I always thought greatness was a title earned over more than 10 years?
Nonetheless, the investment community (and financial press) has created its own version of the Nifty Fifty, the lucky few that garner constant attention. Interestingly, the anointed ones are often technology related and frequently "virtual" (the "nirvana" of business models). All the easier to build pie-in-the-sky valuations.
Despite massive piles of data streaming from public companies, real research seems to be scarce. Aggregate numbers are irrelevant compared to expected growth rates and consensus earnings expectations. Beat "the numbers" and you're golden... miss them and you're a goat.
Not being in the cool crowd is just one of the sins committed by the following retailers. That said, the aggregate numbers look good. Not that anyone's noticed.
Cato Corp (CATO) describes itself as follows:
The Company, founded in 1946, operates over 1,300 women's apparel specialty stores in 31 states under the names "Cato" and "It's Fashion". The Company offers quality fashion apparel and accessories at everyday low prices in junior, missy and plus sizes, as well as girls sizes 7-16. A substantial portion of the Company's merchandise is sold under its private labels and is produced by various vendors in accordance with the Company's specifications. Most stores range in size from 3,000 to 6,000 square feet and are located primarily in strip shopping centers anchored by national discount stores.The retailer has 29 million shares outstanding (27 million A shares and 1.75 million supervoting B shares). This puts the company's market value at $570 million. They earned $16 million in the most recent quarter bringing the 9 month total to $38 million. On an annualized basis, Cato is trading at around 10x earnings. Not bad, but not exactly a steal.
The attraction to Cato is its little-known balance sheet. As of the most recent earnings release, Cato held $180 million in cash and equivalents, representing over 30% of its market value. The company has ZERO debt. The current dividend is 66 cents per year, a 3.5% current yield.
Adjusting for the cash, Cato trades at a very cheap single digit multiple to both earnings and free cash flow.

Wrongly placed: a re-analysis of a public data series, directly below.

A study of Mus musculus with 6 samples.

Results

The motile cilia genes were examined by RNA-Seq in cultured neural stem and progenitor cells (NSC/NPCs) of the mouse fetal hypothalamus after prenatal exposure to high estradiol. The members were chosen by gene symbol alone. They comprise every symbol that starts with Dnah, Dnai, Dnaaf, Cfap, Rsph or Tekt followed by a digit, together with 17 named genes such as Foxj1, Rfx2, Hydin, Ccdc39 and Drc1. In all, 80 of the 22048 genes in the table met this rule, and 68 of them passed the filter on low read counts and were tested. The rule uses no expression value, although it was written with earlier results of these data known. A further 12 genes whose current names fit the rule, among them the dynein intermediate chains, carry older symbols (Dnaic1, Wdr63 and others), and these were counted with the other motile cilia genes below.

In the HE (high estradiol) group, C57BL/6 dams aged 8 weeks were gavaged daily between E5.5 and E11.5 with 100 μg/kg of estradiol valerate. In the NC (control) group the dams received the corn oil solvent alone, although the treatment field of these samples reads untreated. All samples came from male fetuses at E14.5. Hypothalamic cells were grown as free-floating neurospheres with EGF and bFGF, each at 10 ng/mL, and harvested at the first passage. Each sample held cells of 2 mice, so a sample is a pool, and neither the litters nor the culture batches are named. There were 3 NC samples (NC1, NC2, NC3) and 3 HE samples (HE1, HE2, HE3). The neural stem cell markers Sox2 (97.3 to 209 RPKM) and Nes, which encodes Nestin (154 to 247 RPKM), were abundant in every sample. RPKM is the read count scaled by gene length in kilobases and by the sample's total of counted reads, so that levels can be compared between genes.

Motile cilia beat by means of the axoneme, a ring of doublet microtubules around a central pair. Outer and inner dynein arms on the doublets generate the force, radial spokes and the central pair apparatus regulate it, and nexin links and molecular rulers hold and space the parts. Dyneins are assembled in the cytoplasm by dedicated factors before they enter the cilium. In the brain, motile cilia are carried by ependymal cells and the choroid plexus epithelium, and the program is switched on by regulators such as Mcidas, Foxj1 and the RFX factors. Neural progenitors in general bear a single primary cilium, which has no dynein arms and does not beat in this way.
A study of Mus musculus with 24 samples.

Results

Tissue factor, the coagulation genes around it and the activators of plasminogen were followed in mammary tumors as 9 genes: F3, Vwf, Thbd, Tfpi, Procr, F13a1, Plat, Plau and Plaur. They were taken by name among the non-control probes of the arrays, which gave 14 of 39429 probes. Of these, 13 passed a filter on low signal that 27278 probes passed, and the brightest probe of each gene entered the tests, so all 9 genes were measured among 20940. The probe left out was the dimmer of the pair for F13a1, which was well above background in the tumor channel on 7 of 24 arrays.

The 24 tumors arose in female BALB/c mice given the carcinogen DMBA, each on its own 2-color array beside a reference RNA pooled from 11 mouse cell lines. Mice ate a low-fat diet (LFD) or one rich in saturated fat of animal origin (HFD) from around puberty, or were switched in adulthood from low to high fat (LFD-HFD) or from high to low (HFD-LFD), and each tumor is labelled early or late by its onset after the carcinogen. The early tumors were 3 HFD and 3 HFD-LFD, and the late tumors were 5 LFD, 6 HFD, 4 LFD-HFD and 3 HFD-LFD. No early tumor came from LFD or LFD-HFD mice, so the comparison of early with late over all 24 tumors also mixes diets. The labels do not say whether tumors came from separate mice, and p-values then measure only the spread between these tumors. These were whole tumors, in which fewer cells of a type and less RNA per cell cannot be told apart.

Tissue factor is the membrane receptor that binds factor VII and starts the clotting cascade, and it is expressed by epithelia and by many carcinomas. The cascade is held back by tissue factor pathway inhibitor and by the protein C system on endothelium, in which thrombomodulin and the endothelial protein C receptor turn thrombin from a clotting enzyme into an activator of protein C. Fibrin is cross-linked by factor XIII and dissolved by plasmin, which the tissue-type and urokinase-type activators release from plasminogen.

Fair warning: Cato is not a poster child for good governance. First, the dual class structure. John Cato owns approximately 6.5% of the actual equity in Cato, but he enjoys a 39% share of all voting rights thanks to the B shares. Mr. Cato's compensation is also a concern. Over the last 3 years it totals $6,641,416. For such a small company, that's ridiculous. One has to question the board.
Another interesting tidbit... according to the most recent proxy letter:
Mr. Cato has pledged 1,740,525 of the Class B Stock to Branch Banking & Trust as collateral under a loan agreement.So while Cato (the company) is dramatically unleveraged, it appears Cato (the man) isn't. The 1.74 million shares pledged to BB&T represents all but 3,000 of the Class B supervoting shares outstanding and 92% of Mr. Cato's equity in the company.
Despite its warts (or perhaps because of them), Cato is worth a look.
The other beaten down retailer is Hot Topic (HOTT). The company operates over 600 teen retail stores focusing on music, "rock-inspired apparel", and the underground cartoon, cult movie, and comic book scenes.
Not exactly normal value investor fare to be sure. And this target market has been particularly hard hit by this economy. Indeed, lousy November same store sales and a weak retail environment have driven HOTT shares to fresh 52-week lows. None of this is "new" news.
At current levels, however, it's time to look beyond the headlines. Even Templeton may have gotten hip to HOTT.
With 44 million shares outstanding, Hot Topic has a $242 million market value ($5.50 per share). The company boasts $91 million cash and no debt. And despite the negative news, Hot Topic is profitable (and has been for years). With nearly 40% of its market value in cash, Hot Topic isn't going anywhere. Here's hoping management uses some of this cash to reward shareholders via a dividend or share repurchase. In any case, the doom and gloom is premature.
Clearly, these are not "feel good" stocks. Don't expect validation from Wall Street analysts. No high-fives from your friends at the gym. Just lonely silence. Then again most great investments don't come with a choir of angels. Just ask Buffett about his Geico purchase.
It pays to venture beyond the informal "approved" list.
Disclosure: Long CATO and HOTT. Short AMZN.